Too often too many of us think Jesus is smaller than He is.
I have often written in this column about how I attended church as a child, learned quite a bit about how to do the liturgy (religious service) as an altar boy through my early teens, and then by high school drifted out of the open church doors and away from a Jesus it seems I never properly knew.
In those early years I “understood” Jesus – who I now know is the Christ, the Savior, and the Son of the living, eternal, creator God – to be contained within what I saw and heard in church. I was a child with little intellectual ignition toward imputing a bigger and proper picture of this enormous, righteous, unlimited, loving, merciful God, his servant Son and comforting Spirit. My immature mind saw only the church “package” of Jesus.
In my ignorance, Jesus looked finite, contained and limited; safely tucked into an ecclesiastical box.
That made it easy to walk away. And I did.
But let’s not knock church. The Church is the Bride of Christ, a biblical image of marriage that speaks to love, longing, patience, joy and completeness in relationship with the Bridegroom (John 3:29). But all that is easily lost on an arrogant teenager, self-absorbed young adult, and a self-sufficient “I am the master of my fate” thirty-something career professional.
No smallish “God in a box” was worth my time. Jesus seemed both a personal and cultural complication: an anchor I didn’t want, a sail I couldn’t rig. I couldn’t explain it so I didn’t want it.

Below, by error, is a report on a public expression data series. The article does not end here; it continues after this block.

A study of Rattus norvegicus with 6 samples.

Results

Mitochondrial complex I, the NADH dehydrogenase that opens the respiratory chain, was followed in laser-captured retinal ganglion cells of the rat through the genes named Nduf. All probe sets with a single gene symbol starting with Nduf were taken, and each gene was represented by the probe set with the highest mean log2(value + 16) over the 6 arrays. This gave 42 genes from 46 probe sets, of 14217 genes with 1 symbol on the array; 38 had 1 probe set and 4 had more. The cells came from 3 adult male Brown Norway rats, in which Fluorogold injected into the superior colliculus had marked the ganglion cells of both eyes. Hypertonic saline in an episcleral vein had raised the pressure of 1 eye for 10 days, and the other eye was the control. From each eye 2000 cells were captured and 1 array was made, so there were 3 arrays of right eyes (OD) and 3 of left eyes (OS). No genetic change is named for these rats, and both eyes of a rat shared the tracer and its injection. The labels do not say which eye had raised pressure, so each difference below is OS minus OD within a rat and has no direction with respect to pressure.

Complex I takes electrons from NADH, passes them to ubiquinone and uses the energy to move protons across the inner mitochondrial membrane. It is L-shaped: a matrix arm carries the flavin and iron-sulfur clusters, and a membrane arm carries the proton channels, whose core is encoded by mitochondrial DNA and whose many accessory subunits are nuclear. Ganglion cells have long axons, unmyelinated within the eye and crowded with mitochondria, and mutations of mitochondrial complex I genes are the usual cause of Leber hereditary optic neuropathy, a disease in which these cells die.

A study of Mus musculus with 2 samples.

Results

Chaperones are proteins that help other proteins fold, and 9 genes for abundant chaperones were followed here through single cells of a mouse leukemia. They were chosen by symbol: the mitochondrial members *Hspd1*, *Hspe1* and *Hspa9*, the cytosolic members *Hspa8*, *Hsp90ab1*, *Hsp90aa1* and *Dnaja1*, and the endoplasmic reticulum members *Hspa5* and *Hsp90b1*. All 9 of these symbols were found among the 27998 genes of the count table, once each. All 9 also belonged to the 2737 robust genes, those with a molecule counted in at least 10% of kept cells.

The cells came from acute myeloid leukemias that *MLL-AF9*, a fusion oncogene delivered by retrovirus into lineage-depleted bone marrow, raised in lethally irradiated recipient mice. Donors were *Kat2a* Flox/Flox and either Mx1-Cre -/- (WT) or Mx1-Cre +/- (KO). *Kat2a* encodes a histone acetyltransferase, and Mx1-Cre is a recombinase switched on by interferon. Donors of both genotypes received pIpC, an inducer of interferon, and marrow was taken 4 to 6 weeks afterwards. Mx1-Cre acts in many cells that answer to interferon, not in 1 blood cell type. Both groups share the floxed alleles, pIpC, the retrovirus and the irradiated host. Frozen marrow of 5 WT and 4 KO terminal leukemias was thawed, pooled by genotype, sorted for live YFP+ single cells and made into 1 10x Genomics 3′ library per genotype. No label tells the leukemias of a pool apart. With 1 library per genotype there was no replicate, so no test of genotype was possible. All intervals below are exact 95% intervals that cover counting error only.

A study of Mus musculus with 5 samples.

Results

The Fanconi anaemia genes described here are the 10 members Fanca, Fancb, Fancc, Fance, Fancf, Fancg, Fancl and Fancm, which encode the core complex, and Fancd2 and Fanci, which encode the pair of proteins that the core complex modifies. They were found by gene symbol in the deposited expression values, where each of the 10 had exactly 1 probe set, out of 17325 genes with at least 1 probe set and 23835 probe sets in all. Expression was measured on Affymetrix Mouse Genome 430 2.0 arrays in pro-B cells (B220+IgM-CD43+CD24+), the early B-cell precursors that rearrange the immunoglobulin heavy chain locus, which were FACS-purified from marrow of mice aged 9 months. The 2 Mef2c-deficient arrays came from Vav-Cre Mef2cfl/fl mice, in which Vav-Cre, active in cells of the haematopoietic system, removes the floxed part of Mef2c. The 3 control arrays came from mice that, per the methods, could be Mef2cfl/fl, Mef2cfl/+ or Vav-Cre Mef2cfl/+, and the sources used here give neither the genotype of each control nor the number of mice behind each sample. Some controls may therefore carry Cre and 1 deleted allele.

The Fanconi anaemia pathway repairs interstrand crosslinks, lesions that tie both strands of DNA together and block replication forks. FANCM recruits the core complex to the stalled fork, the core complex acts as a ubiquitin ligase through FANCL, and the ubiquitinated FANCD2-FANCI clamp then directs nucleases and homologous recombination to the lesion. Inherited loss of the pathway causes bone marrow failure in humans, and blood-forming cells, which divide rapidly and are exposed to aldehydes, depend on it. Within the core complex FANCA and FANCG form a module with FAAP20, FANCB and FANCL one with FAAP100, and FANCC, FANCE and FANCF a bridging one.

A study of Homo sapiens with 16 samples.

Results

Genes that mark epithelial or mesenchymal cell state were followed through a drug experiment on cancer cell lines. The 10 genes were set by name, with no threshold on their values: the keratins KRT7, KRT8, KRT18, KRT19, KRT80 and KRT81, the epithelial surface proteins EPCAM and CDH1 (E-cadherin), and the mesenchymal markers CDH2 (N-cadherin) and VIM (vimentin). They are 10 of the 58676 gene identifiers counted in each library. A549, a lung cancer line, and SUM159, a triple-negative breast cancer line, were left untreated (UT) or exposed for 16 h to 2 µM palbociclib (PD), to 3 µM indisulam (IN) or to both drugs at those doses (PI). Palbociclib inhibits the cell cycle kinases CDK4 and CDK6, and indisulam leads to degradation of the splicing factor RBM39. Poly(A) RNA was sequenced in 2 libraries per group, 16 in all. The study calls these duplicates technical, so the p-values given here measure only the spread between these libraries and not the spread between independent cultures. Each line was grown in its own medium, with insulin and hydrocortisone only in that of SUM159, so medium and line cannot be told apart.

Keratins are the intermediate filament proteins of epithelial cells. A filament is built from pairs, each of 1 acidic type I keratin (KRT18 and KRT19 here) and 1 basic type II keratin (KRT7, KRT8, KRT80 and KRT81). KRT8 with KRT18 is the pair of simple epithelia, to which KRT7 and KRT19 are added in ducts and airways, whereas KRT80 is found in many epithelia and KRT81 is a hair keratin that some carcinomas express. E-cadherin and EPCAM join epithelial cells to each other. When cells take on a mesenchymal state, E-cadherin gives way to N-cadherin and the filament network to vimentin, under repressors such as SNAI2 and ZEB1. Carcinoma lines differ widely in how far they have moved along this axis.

Three decades after falling away, I randomly attended church one Sunday. It was Sept. 2, 2001. My elder son Eric, then entering eighth grade, had inquired about going to church. I was neither looking for nor expecting a revelation; I was just answering, in the active, fatherly affirmative, my son’s curiosity.
Yet for no reason I could understand, the Jesus I had relegated to the shadows of my intellect and emotion exploded into a bright light with which I was fascinated and a real person toward whom I was powerfully drawn. Faith suddenly made sense. I was now listening (Mark 9:7). God wound up answering questions I didn’t know I had, and teaching me lessons I would never forget.
Jesus, I realized, isn’t someone about whom one learns and moves on; Jesus is about living life in continually growing, uniquely personal and ultimately eternal relationship with God. And that it is a life-diminishing mistake to put Jesus in a box.
Walters (email@example.com) figures we shouldn’t put ourselves in a box, either. BTW, today Eric works in Dallas and is a Young Life volunteer.